To us Germans, films surrounding the First and Second World Wars are of course particularly touchy subjects. We do appreciate it when the Germans are not only portrayed as the most evil people of all mankind, but as human beings. And if these films carry a meaningful message. A message that stresses the pointlessness of all wars.
So this is where the so‐called "anti war movies" come in… Here is a list of my five all‐time favourites:
5. Die Brücke / The Bridge (2008)
This film starts just before Word War 2 reaches a small German village in the final days of battles in 1945.
In the beginning, there some romance as internationally well‐known German star Franka Potente plays a teacher who is seduced by one of her male students.
As the American troops are approaching fast and because all the grown‐up men are out there already, a handful of 16‐year‐old boys (including the recently arrived refugee François Goeske) are set up as a “last reserve”.
Brain‐washed by the system, they are initially full of enthusiasm when they get their pointless task to defend the village's bridge. If this film teaches us one thing it's the pointlessness of war itself.
The historical film locations to recreate a pre‐war German village were found in Kuldiga, Latvia and Lithuania.
My verdict: A good one for understanding the German side a bit better!
4. Pearl Harbor (2001)
One of my two favourite dramas from my early teens, or in other words the Titanic era (the latter probably being my most favourite film ever)! Two guys fall in love with the same woman, while they are away at war at different times.
There is a mix‐up. There is a love‐triangle. There is the historical event of the Americans being attacked by the Japanese in WW2. And for once there is not a single German bad guy. At least not in sight.
This classic movie was filmed at some of the original settings of the real Pearl Harbour on Hawaii as well as in Texas, California, and Indiana in the US.
My verdict: Simply a classic not to be missed!
3. Atonement (2007)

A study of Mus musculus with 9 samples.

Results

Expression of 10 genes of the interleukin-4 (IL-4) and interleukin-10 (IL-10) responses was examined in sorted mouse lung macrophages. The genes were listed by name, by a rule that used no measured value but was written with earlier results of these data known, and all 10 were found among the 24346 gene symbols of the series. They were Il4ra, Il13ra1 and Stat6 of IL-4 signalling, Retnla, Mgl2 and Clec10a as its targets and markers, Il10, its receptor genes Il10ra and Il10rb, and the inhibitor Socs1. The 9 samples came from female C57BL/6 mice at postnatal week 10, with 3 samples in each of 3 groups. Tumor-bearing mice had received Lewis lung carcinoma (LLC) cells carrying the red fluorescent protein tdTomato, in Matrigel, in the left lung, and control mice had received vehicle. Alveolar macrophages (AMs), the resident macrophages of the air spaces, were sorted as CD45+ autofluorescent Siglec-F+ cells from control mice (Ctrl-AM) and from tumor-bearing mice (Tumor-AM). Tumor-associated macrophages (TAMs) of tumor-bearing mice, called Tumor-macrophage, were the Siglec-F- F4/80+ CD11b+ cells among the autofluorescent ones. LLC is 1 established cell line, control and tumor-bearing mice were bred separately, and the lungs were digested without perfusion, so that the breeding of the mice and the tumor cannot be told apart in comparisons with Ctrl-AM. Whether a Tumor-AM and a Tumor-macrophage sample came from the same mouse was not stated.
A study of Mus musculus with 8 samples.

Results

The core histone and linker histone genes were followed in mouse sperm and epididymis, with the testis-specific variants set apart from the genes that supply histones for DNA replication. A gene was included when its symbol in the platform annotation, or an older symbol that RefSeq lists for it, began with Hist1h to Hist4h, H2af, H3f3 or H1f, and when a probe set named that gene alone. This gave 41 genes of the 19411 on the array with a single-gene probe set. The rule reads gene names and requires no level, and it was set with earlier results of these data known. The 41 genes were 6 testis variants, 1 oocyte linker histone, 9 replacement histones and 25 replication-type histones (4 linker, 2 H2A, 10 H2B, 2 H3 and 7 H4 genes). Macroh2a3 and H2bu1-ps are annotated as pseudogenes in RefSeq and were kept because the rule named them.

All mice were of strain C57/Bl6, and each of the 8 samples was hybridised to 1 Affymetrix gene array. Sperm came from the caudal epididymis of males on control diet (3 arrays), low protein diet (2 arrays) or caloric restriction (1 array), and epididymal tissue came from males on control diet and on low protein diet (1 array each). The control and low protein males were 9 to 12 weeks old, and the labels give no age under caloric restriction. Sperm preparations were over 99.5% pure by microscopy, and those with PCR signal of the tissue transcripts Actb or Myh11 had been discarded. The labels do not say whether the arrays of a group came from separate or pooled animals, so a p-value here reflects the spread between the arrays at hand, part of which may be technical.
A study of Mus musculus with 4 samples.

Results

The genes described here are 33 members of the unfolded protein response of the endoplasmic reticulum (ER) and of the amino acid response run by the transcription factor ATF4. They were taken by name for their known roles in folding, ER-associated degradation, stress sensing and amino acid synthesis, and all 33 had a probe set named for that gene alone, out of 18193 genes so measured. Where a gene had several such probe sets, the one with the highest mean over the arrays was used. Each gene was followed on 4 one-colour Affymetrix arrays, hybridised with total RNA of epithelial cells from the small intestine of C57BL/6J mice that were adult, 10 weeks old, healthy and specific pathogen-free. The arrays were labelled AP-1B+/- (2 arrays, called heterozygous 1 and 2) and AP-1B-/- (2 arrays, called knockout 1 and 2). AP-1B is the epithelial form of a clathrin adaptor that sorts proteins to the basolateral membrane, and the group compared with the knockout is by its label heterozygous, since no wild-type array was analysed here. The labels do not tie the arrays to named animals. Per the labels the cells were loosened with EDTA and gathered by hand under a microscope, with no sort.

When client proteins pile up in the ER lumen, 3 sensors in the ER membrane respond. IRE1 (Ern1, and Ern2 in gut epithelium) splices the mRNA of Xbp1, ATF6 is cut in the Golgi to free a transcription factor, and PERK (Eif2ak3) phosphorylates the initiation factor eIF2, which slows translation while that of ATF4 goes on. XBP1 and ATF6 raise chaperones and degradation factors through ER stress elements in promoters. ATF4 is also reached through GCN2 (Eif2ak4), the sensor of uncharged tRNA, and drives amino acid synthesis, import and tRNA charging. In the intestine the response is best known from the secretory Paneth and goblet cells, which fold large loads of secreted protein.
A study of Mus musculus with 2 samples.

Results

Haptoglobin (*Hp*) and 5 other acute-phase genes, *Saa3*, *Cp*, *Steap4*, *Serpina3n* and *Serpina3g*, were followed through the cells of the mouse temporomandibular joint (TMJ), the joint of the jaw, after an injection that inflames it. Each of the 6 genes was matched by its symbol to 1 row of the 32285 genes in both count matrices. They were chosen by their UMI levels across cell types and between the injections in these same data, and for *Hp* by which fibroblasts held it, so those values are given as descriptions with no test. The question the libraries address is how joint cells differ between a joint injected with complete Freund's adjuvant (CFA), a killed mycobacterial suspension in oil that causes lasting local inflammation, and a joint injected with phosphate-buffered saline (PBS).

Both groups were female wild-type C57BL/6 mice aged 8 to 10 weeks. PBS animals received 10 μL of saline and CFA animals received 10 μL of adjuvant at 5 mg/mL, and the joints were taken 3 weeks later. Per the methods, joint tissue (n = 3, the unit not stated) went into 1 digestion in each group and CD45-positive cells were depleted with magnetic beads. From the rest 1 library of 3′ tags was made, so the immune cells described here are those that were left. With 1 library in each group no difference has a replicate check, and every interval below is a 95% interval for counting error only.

Obviously, there is a a huge Greek tragedy going on when jealous Briony, who is secretly in love with Robbie, finds out that her crush Robbie has an affair with her older sister Cecilia. As a consequence, Briony tricks Robbie and destroys his reputation.
Then war breaks out and the never quite fulfilled, yet great love story between Robbie and Cecilia is told through the eyes of Briony – now a nurse and later an old woman overwhelmed by guilt.
The Atonement film locations include Stokesay Court in Onibury, Shropshire, England (Tallis home), the Redcar beach, Redcar and Cleveland, England (evacuation of Dunkirk), and the Ouse Washes Nature Reserve in Cambridgeshire, England (for late 1930s rural France). In London, the crew of Atonement filmed at St. John's, Smith Square, Westminster (Lola's wedding), and at University College London in Bloomsbury.
My verdict: Get out those tissues! This film has made me cry so much… but it's seriously so, so good!
2. War Horse (2011)
The music, the acting, the plot… telling the so far unknown story of all those innocent horses that were dragged into the conflict. Jeremy Irvine is great in his first major feature film. So is German actor David Kross (The Reader) on the other side of the trench.
There are also some very beautiful scenes 0f the English countryside pre‐war, which just adds to the sadness of the story when Albert (Jeremy Irvine) and his horse both have to leave for war.
Most film locations for War Horse can be be found in the Southern English counties of Wiltshire, Devon and Surrey. For example, the small village of Meavy in Devon was used to double for the village in War Horse and Castle Combe in Wilshire was the setting for the horse auction scene.
My verdict: I just loved the cinematography and the film locations – a true Spielberg masterpiece!
1. Napola / Before The Fall (2004)
Powerful storytelling, brilliant acting and huge emotions: To me, Napola (in English‐speaking countries also known as Before the Fall) is the best German WW2 film ever made!
The story in short: In 1942, Friedrich (Max Riemelt) is a young boy from a working‐class background. Because of his physical fitness level (he is a boxer) as well as his Aryan appearance, Friedrich is recruited to join an élite Nazi boarding school. These élite schools really existed and were called Napolas (short for "Nazionalpolitische Erziehungsanstalt" or "nationalist political education institution" in English).
At the Napola school, Friedrich befriends Albrecht (Tom Schilling). Physically fragile and rather intellectually than militarily gifted (he writes poems and in‐depth essays), Albrecht is the total opposite of Friedrich. Albrecht is also a complete disappointment to his father, who happens to be a high‐ranking Nazi general.
There is a really sad “Titanic moment”, but before I reveal too much, see for yourself and get this film through Netflix or DVD. Now.
In addition to the trailer, I would also like to show you this really powerful scene, in which the boys have a grenade throwing exercise. One of the boys lets a sharp grenade slip through his hands, so it falls on the floor. Another boy, who had been terribly bullied the days before because of his bed‐wetting flaw, seizes the moment to commit suicide – and thus saving the lives of the others, but also leaving them in complete shock.
The film locations for Before The Fall were found in and around Prague in the Czech Republic.
My verdict: What truly counts when everything else is lost is real friendship!
What are your most powerful anti‐war movies? Let me know in the comments below!